Say what now? The CDC is advising people NOT to wash their raw chicken!

And you better believe Black Twitter is questioning the CDC and everything their grandmama taught them.

Last week, the CDC tweeted: “Don’t wash your raw chicken!” The tweet explained that doing so could spread germs.

A link provided in the tweet explained that raw chicken can be contaminated with Campylobacter bacteria, Salmonella, and Clostridium perfringens bacteria, which can spread to utensils, countertops, and other food and cause foodborne illnesses.

The tweet sparked a debate as the tweet made its rounds because it contradicted what many were taught while growing up and still practice as adults.

Because of the controversy, the CDC posted a follow-up tweet a few days later, doubling down on the matter.

“Kill germs by cooking chicken thoroughly, not washing it,” it advised. “You shouldn’t wash any poultry, meat, or eggs before cooking.”

Despite the advice, Black Twitter was still hesitant, with many stating that washing raw chicken makes them feel safe and that they adequately wash any utensils and surfaces after handling the raw poultry.

Whether Black Twitter wants them or not, the CDC also provides several tips to prevent food poisoning when handling raw chicken.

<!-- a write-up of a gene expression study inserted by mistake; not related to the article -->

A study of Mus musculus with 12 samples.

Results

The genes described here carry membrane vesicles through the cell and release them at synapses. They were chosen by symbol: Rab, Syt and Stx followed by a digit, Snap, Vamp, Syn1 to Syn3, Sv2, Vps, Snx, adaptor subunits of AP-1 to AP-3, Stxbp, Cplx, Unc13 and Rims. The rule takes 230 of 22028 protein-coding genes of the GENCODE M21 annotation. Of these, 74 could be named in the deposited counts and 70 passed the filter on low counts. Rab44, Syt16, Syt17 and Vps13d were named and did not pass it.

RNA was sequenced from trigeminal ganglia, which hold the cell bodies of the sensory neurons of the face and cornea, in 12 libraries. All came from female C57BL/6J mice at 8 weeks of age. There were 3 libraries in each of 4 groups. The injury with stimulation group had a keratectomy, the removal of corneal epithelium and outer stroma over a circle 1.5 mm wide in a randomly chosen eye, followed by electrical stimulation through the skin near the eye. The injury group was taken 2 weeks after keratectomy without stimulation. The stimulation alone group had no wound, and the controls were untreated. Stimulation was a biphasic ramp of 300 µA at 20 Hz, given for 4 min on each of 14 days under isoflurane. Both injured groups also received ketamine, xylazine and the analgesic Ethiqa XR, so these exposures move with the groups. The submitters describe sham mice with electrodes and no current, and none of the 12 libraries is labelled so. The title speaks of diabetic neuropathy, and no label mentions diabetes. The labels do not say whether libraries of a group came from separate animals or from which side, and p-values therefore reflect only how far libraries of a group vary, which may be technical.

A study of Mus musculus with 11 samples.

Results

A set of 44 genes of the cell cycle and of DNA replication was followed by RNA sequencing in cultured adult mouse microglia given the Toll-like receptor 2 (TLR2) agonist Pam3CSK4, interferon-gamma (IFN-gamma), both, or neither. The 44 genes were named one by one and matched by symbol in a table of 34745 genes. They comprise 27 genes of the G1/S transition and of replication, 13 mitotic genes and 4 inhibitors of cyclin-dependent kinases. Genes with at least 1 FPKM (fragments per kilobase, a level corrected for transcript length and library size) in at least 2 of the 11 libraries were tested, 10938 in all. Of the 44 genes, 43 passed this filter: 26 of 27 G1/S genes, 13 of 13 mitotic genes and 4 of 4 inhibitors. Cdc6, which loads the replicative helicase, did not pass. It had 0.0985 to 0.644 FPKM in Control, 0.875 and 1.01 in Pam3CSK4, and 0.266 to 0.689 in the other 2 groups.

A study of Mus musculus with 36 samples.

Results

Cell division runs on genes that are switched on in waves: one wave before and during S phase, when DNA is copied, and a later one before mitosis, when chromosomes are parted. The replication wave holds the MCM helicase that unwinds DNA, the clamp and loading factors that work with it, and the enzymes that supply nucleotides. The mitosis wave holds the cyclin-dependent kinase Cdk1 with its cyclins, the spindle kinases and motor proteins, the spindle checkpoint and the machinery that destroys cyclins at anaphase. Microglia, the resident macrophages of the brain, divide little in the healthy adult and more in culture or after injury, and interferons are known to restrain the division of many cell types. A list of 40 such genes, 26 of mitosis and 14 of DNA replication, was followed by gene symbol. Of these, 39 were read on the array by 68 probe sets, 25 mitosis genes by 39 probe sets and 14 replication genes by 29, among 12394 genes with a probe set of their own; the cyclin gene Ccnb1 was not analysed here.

The tips include, but are not limited to:

  • Place chicken in a disposable bag before putting in your shopping cart or refrigerator to prevent raw juices from getting onto other foods.
  • Wash hands with warm soapy water for 20 seconds before and after handling chicken.
  • Do not wash raw chicken. During washing, chicken juices can spread in the kitchen and contaminate other foods, utensils, and countertops.
  • Never place cooked food or fresh produce on a plate, cutting board, or other surface that previously held raw chicken.
  • Wash cutting boards, utensils, dishes, and countertops with hot soapy water after preparing chicken and before you prepare the next item.
  • Use a food thermometer to make sure chicken is cooked to a safe internal temperature of 165°F.
  • Refrigerate or freeze leftover chicken within 2 hours (or within 1 hour if the temperature outside is higher than 90°F).